Teeming, swarming city, city full of dreams,
Where specters in broad day accost the passer-by!
Everywhere mysteries flow like the sap in a tree
Through the narrow canals of the mighty giant.
When I entered Jiang Li’s exhibition at Capsule Gallery opening night the exhibition was teeming with life. Like little ants, we threaded our way around the artwork and picked at morsels. Jiang, ever present through his work, required nothing from us other than our presence. His work is an offering to be taken by choice. What he presents is not otherworldly but rather unfaithful to the familiarities of our world.
Jiang’s exhibition initially seems to invoke subtle contrasts between the inside and the goings-on outside. Instead, it is a vision into an alternative world. Except for the murmurs he recorded in his bedroom, the exhibition is nearly noiseless. Banal objects you would find in your home have been brought into the gallery and have been slightly altered. An iPhone charging cable and two shower heads have been straightened to rigidity; there is Jiang Li’s family photo of two distracted parents and a focused artist; a Duchampian light fixture has been suspended from the ceiling; and as Jiang Li puts it, “The most famous liar is being impaled by a businessman.” The similarities between the objects is not immediately apparent but Jiang did not intentionally confuse the works. I see all of these pieces as a collection of an alternative world Jiang is setting up for himself and the rest of us, if we’d like to join. His world is one created and led through intuition.
Intuition is a rupture in social fabric and in Jiang’s work it is the start of continuous upheaval of the mediocre. I imagine when the upheaval occurs it is spontaneous: Jiang is sitting on an airplane and a thought crosses his mind, “What would happen if I painted the plane?” And there you have it. From that simple thought most of us dismiss as a fantasy, Jiang paints an airplane. The result is a brief fissure in the norm that opens a space for Jiang Li to bring out his distinct world. The world he creates does contain truth. He too is trying to grab the mushy definition of what is guaranteed, and, not being able to handle the whole thing, he decided to create his own version.
“I just say what I can say and see what I can see. I don’t worry about what I can’t say. If it can connect you with other people, it works. If you do anything you know you’ll miss something else. We cannot do everything; maybe the ‘missed part’ is a part of it.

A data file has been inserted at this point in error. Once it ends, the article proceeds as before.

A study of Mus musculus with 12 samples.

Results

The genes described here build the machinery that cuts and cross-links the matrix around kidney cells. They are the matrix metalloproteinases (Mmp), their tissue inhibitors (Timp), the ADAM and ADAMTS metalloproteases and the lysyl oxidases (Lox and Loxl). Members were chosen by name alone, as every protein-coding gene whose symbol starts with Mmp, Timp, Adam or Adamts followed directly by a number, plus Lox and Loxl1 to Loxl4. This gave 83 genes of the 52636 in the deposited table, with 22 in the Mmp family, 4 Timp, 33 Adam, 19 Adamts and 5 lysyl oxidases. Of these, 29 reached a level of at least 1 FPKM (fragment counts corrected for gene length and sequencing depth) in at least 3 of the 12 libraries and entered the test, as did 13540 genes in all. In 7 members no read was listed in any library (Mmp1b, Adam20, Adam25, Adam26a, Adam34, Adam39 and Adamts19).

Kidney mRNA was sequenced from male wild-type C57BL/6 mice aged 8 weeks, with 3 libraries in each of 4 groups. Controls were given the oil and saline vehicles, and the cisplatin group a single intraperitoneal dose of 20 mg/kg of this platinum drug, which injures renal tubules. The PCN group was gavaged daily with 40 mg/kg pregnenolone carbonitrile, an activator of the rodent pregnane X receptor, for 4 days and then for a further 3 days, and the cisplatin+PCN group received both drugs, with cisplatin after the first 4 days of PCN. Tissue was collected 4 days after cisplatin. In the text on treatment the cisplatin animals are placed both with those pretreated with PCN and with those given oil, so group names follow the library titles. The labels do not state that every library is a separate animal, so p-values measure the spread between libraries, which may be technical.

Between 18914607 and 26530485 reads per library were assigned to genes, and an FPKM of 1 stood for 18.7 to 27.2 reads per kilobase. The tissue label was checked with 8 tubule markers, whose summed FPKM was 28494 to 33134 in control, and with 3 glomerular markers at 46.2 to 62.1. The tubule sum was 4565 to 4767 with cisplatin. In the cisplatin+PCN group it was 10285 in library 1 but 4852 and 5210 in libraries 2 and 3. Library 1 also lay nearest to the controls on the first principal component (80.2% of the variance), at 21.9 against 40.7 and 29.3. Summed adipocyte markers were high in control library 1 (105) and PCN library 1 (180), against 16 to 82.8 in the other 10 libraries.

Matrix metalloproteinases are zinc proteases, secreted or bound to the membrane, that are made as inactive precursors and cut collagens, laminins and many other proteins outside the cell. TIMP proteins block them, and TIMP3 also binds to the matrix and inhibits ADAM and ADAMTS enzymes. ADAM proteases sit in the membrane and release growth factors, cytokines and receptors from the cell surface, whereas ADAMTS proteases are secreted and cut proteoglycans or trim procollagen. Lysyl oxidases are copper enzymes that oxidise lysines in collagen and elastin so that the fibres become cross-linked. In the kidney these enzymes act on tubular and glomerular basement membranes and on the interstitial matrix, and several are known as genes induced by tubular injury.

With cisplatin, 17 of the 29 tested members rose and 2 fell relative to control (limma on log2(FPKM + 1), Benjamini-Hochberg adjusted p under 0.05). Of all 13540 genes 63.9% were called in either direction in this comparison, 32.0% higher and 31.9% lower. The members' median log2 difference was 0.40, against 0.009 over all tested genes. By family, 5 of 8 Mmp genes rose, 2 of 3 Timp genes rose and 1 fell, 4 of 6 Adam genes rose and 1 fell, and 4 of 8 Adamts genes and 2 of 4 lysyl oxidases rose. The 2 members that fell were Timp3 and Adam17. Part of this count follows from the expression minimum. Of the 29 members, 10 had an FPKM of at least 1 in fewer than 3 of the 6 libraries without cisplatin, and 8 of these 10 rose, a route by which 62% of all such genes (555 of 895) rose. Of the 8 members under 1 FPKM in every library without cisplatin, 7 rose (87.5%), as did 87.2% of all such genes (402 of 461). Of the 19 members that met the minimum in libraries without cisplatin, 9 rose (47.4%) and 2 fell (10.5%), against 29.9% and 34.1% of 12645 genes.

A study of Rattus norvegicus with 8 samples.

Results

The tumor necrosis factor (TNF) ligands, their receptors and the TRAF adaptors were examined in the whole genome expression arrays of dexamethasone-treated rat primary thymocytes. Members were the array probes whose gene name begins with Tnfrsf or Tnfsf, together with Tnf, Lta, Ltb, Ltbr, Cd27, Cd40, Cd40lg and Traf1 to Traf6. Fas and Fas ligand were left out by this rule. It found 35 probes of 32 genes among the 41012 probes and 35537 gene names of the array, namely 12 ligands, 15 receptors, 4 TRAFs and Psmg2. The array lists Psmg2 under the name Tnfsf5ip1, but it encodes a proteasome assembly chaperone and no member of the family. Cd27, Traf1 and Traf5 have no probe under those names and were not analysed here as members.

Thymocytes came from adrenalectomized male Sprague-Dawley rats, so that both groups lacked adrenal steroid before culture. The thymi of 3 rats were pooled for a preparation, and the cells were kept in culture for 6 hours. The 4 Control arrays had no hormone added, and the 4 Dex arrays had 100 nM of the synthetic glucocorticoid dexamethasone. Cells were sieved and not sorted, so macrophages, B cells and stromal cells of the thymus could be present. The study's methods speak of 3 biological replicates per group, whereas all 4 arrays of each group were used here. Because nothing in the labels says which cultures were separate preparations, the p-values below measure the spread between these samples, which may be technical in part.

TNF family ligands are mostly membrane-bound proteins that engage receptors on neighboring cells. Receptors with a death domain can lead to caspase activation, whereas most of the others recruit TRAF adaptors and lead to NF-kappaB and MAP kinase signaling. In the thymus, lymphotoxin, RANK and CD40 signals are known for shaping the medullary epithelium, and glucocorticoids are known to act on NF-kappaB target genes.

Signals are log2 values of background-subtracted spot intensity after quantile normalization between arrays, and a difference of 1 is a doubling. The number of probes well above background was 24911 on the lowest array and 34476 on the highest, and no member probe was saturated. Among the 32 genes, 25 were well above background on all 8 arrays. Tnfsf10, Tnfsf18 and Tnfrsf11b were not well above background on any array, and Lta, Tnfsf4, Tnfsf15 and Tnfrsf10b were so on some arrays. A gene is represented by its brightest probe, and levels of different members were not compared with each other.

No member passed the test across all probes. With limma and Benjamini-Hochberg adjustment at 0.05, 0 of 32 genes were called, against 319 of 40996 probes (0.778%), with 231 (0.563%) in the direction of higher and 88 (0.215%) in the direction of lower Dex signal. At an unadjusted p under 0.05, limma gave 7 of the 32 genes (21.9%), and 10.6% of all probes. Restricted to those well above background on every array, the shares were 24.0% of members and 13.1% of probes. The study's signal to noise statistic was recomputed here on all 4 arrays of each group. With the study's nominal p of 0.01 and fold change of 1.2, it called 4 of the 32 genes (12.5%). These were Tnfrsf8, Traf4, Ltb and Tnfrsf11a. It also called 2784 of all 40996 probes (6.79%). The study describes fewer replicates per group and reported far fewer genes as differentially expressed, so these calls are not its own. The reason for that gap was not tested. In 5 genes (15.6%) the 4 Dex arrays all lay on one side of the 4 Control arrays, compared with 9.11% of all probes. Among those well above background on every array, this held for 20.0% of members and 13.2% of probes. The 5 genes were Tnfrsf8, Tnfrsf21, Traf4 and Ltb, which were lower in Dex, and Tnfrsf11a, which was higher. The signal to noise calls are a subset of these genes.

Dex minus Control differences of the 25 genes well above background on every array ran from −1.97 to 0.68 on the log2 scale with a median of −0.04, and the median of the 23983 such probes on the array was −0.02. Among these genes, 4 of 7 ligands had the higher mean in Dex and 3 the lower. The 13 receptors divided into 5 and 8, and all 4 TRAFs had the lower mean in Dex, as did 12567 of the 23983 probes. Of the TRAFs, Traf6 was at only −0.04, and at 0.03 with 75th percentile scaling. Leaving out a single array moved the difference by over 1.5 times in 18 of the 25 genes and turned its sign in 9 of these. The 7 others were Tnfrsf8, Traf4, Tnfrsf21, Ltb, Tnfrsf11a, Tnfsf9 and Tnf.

“I hate pretend, I hate fake. I can accept some kind of fake [like plastic surgery], but when the fake becomes real or tries to be, I don’t like that. Just tell what you are. That is the important and natural thing. Fake is anything against nature.”
A bi-product of Jiang’s artistic style is his rejection of anything esoteric. Listening to your intuition means you need to quell the desire to overanalyze and be open to impromptu thoughts. We all have them and realizing them is our responsibility. Maybe Jiang is more serious about merging his inner life with the outer world but the results shown in the gallery seem effortless.
The result of Jiang’s work is a naturally satirical exhibition aimed at just about anything that crosses his mind. How sharp are his critiques? They are more like a hand through water than a knife through flesh: the disturbance of the status-quo isn’t so blatant but it reverberates in the larger scene.
"Language is a tool. Relationship is our tool. Sex is our tool. That connects our inner [self]. My idea is that the most basic stuff inside is the same thing. We call it, human spirit, or soul. In China, we call it chizi zhixing. It means Naked Baby Heart...You don’t have to see mine, you just see yours, because its the same. We are a part of this world. I am you, you are me. That is what I believe."